In 'The Tiger's Wife' Obreht demonstrates why she's come in for such praise. It's an immediately gripping novel that effortlessly mixes a contemporary story with ancient folklore. The story set in an unspecified - or possibly fabricated - Balkan country and it is narrated for the main part by Natalia, a young medic who is away doing voluntary work, delivering vaccines to orphans in another part of the former Yugoslavia, when she receives the news that her grandfather, also a doctor, has died in an unknown clinic far away from home having told the rest of the family he was going to join Natalia and her colleague. Natalia sets out to discover what happened to her grandfather, using the stories he told her as a child to guide her search. She also takes with her a battered but much loved copy of The Jungle Book, a story that had much significance for her grandfather.
In between telling the story of learning about her grandfather's death, Natalia recounts two stories in particular, both of them passed down by her grandfather. The first is from her grandfather's childhood during the Second World War when a tiger, escaped from the zoo, was discovered outside the mountain village where he lived. The other is the story of a man that her grandfather claims to have encountered while he was a military medic; having been sent to investigate a suspected tuberculosis epidemic in a remote village, the grandfather meets a man who, seemingly, can not die, no matter what injuries he sustains - even being shot in the head.
Magical realism is not a genre that would ordinarily appeal to me but the use of a contemporary framework in which to present the folk tales was instrumental in grabbing my attention. However, that's not to say that the intertwining of the fairytale like stories always works well with the present day narration; sometimes it seems like Obreht is trying a bit too hard and the symbolism misses its mark. As an entire novel there's a vague disjointedness but regarded as a series of beautiful scenes it's easier to appreciate Obreht's talent. The two stories are the threads that hold this patchwork of smaller stories together; the horrors of the war are not overtly described and Obreht has used an original if not always flawless way of portraying them.
That the action takes place in undefined locations was a headache to me at first; it was the Balkan connection that had caught my attention and I must have changed my mind half a dozen times with the first fifty pages as to where I thought different scenes were taking place. Obreht, though, has chosen not to define the locations, even if there's a strong Balkan flavour to the personalities and events. It doesn't matter of course; death, the theme that pervades, is no respecter of borders and boundaries. There's no denying that the sections in which Natalia recounts the stories told to her by her grandfather are beautifully written but for me the highlight of The Tiger's Wife is how well Obreht brings across the reality of growing up in a time and place defined by violence and the atrocities of war.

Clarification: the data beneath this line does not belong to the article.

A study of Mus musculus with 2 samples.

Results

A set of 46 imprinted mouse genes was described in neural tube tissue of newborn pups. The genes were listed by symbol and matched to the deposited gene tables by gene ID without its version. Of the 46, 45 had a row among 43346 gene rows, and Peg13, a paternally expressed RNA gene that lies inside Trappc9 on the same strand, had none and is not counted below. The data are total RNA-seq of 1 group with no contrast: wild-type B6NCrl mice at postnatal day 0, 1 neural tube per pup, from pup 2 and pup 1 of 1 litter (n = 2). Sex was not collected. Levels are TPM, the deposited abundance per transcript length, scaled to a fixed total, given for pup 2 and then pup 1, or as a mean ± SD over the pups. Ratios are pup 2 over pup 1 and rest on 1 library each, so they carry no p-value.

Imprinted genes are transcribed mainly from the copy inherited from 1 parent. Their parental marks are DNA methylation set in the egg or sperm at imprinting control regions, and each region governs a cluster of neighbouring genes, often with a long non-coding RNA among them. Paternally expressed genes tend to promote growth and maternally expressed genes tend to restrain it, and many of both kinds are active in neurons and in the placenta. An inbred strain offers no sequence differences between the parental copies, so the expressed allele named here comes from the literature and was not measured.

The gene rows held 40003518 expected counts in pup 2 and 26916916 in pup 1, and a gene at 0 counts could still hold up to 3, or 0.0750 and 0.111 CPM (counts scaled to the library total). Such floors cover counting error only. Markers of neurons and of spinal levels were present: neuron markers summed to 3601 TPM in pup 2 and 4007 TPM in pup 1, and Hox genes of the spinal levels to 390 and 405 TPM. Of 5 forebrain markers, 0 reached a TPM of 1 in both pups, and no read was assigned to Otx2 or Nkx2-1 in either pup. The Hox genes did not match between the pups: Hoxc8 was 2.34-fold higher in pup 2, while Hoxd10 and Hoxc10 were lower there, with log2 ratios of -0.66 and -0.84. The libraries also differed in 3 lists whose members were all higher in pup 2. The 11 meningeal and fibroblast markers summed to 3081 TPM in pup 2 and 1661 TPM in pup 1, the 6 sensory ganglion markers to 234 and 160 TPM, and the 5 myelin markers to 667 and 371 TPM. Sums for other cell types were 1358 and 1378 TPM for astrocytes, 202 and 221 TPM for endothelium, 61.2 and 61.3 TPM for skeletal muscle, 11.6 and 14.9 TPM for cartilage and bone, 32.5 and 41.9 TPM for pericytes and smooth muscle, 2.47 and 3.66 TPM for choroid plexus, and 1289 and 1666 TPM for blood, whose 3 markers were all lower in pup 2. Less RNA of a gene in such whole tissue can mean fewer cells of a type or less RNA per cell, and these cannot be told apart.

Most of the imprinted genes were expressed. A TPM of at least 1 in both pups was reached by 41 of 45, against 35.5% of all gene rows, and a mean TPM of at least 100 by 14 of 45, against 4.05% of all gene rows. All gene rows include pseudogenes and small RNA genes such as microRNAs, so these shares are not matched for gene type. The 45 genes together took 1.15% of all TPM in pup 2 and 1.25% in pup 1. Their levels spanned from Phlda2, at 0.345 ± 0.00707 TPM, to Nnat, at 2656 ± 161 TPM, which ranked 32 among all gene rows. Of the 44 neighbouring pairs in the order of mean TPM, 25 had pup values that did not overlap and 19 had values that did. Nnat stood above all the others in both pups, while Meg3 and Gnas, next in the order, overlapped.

'The Tiger's Wife' is a challenging but worthwhile read; I can't claim to have liked it all but there is plenty here to suggest that this author should have a long and successful career in front of her. It's not a novel that is obvious in its brilliance; I think that is something that comes with time, re-reading and contemplation, and I look forward to revisiting this unusual and haunting story.
When i first got a copy of this I was dubious, it's not my usual reading genre and lacks the usual lasers, cyborgs and alien stuff. I like the drawing of the lady on the front cover snuggling up with a tiger. I was intrigued by the whole presentation; was this to be the tale of Tony T.Tiger? No. Don't be silly. Next you'll want spoilers in a review.
Its an incredibly well written story, the style is gripping and evocative - I gave a damn about many of the characters and, don't laugh at me, got choked up a the end.
The Tigers Wife is told from the perspective of a Granddaughter Doctor who learns that her grandfather has died; she reminisces over her childhood and a tale that her Grandfather told her at various chapters of her life regarding 'The Deathless Man'. I guess you could say that there were two stories told in the book but they're 'both' part of the narrative and intrinsic to the plot. The story is essentially one of death, traditions and acceptance with a dash of The Jungle Book (the original Rudyard Kipling, not the cartoon) and a number of surreal moments. It does also show the provincial nature of many small towns. The parts with the tiger are simply beautiful, the scene with the elephant is incredible and weirdly believable. You feel for the Butchers Wife.
Tea's first novel is a wonderful read, I read the whole thing cover to cover over a weekend and it is quite frankly one of the best books i've read in the past three months. I would heartily recommend this book to anyone; they will make a movie of this someday so you should get a copy in and read it soon because nothing will top your imagination.
Having read the book, I have now also listened to the audio book which features Robin Sachs reading as the grandfather. It was really enjoyable and much like the book, recommended.